October 2, 1986

MOSCOW (AP) _ Soviet authorities today told the wife of dissident Yuri Orlov that she and her husband soon will leave the Soviet Union for the United States, a friend reported.

Irina Orlov was not told when she and her husband would depart or when she would be reunited with her husband, the friend said.

Until today, the Soviets had not contacted Mrs. Orlov about emigrating. Secretary of State George P. Shultz announced Monday that Orlov, who has spent eight years in labor camps and in internal exile in Siberia, would be allowed to emigrate with his wife to the United States by Oct. 7. Their emigration was part of the superpower agreement that freed American reporter Nicholas Daniloff and Soviet U.N. employee Gennadiy Zakharov.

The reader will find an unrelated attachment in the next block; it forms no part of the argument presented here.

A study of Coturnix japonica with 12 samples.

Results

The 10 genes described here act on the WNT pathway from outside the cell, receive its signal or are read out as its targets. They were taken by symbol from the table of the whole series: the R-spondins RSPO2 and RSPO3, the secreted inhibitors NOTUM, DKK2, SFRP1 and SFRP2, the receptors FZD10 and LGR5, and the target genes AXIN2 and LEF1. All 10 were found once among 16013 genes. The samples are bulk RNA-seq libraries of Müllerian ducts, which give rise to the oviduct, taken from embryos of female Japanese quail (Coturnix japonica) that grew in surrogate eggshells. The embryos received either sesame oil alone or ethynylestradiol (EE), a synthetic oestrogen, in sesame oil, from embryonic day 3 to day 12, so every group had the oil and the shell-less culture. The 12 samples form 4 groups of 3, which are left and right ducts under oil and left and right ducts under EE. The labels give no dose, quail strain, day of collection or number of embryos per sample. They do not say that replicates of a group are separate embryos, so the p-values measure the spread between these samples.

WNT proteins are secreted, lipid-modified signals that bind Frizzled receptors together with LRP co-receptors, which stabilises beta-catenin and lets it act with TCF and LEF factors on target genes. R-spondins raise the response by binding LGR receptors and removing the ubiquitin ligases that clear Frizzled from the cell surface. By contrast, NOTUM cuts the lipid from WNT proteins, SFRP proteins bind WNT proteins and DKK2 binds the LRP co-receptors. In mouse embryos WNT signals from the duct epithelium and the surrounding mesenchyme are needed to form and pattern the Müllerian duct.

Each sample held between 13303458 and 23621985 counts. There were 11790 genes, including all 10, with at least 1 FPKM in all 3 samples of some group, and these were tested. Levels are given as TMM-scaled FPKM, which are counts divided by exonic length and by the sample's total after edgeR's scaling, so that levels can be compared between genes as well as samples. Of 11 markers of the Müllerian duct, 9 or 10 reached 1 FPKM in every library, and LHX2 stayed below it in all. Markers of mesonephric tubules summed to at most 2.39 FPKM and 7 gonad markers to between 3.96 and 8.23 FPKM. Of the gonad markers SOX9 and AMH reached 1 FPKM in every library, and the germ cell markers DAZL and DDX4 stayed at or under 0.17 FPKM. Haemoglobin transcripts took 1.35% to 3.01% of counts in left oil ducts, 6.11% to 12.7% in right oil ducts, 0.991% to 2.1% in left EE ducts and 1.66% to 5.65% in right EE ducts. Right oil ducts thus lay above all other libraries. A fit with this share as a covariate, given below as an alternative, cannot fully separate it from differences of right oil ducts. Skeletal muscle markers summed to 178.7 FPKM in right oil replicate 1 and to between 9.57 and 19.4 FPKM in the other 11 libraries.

Mrs. Orlov was called to the national visa agency this afternoon and told she would be allowed to leave, said the friend, who was reached at Mrs. Orlov’s apartment in Moscow. The friend spoke on condition of anonymity.

Mrs. Orlov had gone to visit her sick mother, her friend said, and was not available for comment.

″Senior inspector Berezin (of the visa agency) said that he would call Irina tomorrow (Friday) and tell her when she would be leaving and when she can collect her passport,″ the friend said.

″Irina does not know when she will see her husband, or where he is right now,″ the friend said.

Earlier today, the 40-year-old Mrs. Orlov said Soviet authorities had yet to contact her about emigrating.

On Wednesday, U.S. Charge d’affaires Richard Combs visited Mrs. Orlov at her home to discuss her husband’s case. Mrs. Orlov said he was able to tell her only what she learned from Western reporters a day earlier.

″Everything he told me has already been made public,″ she said. ″I don’t know anything new.″

Orlov, 62, was a founding member of the unofficial human rights group formed to monitor Soviet compliance with the 1975 Helsinki accord.

The group, which at one time had 30 active members, disbanded in 1982, by which time all but three members had been imprisoned, banished to Siberia or exiled abroad.